Nov. 8: The state government has appealed to the National Council of Science Museums to send a written clarification regarding its transaction procedure in a bid to remove the deadlock in getting an astronomy gallery for Guwahati Planetarium.

Sky-gazers have been deprived of an astronomy gallery because of an impasse between the Assam government and the council over the protocol of purchasing objects. While the government prefers open bidding, the council does not.

The state government had sanctioned Rs 38 lakh around a year ago to set up the gallery, which would have been the second in the country after Kerala.

The council, which is the world’s largest network of science centres/museums under a single umbrella, wanted the entire project amount in advance, which goes against Dispur’s protocol.

The council is the only agency in the country, which can set up the astronomy gallery.

The state government is hopeful of receiving a reply from the council this month. “We are hopeful of receiving the clarification within this month. Once we get the clarification, the government will release the amount,” said an official of the planetarium. The official added that once the amount is released, it would take at least four months to set up the machinery.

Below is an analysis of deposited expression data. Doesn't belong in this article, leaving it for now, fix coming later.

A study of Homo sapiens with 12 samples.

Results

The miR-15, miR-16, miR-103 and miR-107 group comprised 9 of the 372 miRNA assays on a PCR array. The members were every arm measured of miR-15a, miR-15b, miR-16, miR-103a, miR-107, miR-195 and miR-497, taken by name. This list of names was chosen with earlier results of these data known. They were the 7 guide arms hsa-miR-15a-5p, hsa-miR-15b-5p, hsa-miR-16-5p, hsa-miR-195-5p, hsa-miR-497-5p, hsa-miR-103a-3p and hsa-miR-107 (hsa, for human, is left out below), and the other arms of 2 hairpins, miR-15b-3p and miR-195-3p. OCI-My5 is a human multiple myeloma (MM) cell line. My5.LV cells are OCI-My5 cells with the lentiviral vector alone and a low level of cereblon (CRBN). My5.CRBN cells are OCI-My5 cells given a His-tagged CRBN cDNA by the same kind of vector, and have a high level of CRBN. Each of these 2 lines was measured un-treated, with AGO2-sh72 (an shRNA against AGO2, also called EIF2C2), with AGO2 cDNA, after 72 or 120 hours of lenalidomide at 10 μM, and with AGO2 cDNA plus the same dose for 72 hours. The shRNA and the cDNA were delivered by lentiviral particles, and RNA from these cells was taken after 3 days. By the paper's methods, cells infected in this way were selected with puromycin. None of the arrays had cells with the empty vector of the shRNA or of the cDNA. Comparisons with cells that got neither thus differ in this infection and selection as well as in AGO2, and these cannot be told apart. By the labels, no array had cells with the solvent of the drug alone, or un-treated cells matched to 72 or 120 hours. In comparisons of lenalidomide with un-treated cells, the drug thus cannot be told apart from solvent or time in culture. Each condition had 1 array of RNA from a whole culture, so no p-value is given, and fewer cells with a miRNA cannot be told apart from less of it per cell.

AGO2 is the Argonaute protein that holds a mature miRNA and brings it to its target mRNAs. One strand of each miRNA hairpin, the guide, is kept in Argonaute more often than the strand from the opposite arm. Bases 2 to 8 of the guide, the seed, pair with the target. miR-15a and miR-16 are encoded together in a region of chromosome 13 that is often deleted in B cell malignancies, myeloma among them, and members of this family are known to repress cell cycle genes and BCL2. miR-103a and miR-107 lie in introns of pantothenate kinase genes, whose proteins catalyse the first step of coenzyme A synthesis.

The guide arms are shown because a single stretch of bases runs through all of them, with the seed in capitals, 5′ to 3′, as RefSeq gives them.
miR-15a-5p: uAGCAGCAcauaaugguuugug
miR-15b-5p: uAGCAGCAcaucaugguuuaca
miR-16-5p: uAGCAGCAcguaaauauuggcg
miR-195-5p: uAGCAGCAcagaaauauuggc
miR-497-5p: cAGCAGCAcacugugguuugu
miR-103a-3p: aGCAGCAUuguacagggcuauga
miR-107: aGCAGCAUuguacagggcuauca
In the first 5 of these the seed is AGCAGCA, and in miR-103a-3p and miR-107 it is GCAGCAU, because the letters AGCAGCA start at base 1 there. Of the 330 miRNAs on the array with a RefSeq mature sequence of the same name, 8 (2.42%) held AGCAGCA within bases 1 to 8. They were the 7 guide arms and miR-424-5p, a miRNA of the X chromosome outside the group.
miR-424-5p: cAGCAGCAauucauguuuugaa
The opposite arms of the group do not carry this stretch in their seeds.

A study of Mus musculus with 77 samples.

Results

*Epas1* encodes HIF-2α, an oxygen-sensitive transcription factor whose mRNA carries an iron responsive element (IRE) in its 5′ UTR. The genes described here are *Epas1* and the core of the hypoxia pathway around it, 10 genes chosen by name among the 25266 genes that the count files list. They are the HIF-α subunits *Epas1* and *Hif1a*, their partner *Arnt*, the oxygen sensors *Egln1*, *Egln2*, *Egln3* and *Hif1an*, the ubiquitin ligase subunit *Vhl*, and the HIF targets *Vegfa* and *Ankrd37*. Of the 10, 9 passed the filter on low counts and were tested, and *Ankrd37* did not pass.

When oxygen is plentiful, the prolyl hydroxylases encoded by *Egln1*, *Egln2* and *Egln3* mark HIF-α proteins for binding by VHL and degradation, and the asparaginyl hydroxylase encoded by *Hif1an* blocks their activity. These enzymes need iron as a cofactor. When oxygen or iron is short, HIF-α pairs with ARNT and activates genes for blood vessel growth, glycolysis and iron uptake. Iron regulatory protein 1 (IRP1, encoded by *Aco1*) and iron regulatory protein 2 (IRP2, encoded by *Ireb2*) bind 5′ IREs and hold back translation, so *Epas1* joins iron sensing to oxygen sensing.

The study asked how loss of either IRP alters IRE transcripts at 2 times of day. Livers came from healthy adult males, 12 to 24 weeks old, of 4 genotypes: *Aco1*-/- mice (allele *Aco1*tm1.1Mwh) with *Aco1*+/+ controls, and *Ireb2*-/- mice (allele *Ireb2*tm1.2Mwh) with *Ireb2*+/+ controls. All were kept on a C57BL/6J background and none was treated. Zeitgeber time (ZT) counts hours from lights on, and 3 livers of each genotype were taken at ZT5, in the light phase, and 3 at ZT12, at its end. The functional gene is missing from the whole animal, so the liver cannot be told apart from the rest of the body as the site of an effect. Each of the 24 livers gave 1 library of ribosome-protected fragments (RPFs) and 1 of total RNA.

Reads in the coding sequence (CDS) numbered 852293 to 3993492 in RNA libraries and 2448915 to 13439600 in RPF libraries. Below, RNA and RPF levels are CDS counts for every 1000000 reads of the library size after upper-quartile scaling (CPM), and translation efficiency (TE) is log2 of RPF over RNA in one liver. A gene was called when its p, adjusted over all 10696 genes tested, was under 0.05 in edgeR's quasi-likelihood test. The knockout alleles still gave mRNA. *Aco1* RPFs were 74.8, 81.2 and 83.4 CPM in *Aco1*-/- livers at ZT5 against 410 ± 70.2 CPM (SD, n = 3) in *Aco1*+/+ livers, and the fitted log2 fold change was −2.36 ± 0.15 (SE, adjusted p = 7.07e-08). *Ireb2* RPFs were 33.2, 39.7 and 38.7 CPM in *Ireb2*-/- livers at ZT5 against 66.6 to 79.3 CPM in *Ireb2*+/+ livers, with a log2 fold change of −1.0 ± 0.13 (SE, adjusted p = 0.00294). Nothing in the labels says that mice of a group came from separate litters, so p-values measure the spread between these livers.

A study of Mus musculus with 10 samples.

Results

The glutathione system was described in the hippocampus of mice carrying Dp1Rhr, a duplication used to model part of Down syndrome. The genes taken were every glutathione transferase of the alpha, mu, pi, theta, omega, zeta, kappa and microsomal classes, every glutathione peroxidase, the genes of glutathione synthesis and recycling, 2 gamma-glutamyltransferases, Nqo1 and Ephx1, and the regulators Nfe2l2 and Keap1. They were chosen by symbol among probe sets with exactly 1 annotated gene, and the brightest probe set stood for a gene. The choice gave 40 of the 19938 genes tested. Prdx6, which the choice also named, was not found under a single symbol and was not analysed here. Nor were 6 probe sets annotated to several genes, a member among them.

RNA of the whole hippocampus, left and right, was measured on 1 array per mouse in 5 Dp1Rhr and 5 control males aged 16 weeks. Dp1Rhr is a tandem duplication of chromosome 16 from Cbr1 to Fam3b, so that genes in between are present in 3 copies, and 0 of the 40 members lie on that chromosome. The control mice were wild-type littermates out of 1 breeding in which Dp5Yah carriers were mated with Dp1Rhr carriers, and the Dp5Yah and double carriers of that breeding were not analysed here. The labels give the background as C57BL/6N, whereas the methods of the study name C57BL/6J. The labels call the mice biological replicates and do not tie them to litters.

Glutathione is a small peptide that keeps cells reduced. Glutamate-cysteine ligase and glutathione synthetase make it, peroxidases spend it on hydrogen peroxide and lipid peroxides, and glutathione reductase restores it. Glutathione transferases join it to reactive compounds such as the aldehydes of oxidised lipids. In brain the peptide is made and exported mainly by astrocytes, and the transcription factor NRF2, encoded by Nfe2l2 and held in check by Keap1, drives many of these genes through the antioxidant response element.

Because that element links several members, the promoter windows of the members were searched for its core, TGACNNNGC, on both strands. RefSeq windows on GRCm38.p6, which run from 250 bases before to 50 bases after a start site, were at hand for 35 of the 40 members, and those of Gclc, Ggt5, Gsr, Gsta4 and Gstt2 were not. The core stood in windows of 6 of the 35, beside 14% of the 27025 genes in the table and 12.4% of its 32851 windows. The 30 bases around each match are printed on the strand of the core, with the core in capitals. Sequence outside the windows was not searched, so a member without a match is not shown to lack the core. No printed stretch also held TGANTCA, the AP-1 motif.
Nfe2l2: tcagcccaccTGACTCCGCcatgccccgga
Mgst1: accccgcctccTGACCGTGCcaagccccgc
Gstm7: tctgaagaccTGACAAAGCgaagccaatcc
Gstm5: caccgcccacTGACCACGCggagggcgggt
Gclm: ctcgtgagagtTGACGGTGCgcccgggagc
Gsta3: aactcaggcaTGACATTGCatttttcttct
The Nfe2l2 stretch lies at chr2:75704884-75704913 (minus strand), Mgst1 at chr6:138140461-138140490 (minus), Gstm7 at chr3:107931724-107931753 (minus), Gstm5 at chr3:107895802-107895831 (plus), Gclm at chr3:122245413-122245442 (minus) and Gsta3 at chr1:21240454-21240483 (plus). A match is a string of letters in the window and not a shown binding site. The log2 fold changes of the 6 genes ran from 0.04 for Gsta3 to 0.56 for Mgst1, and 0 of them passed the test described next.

The gallery will have various models and displays that shed light on astronomy, evolution of the subject, its different phases and other aspects.

The government also has plans to set up a mobile planetarium costing Rs 5.5 lakh and buy an astro-van costing Rs 21.9 lakh.

The mobile planetarium will be in the form of an inflatable, portable dome, while the van will have a telescope fitted to it. Both are part of an outreach programme of the government to show special celestial events in schools or in remote areas. Guwahati Planetarium, the largest planetarium in the Northeast, uses instrument from technology developers like the Goto GX, GX star-field projector, 60 special-effects projectors and the sky theatre’s sound system to create the sky-watching shows. The Japanese technology developers, Goto Inc. supplies the software.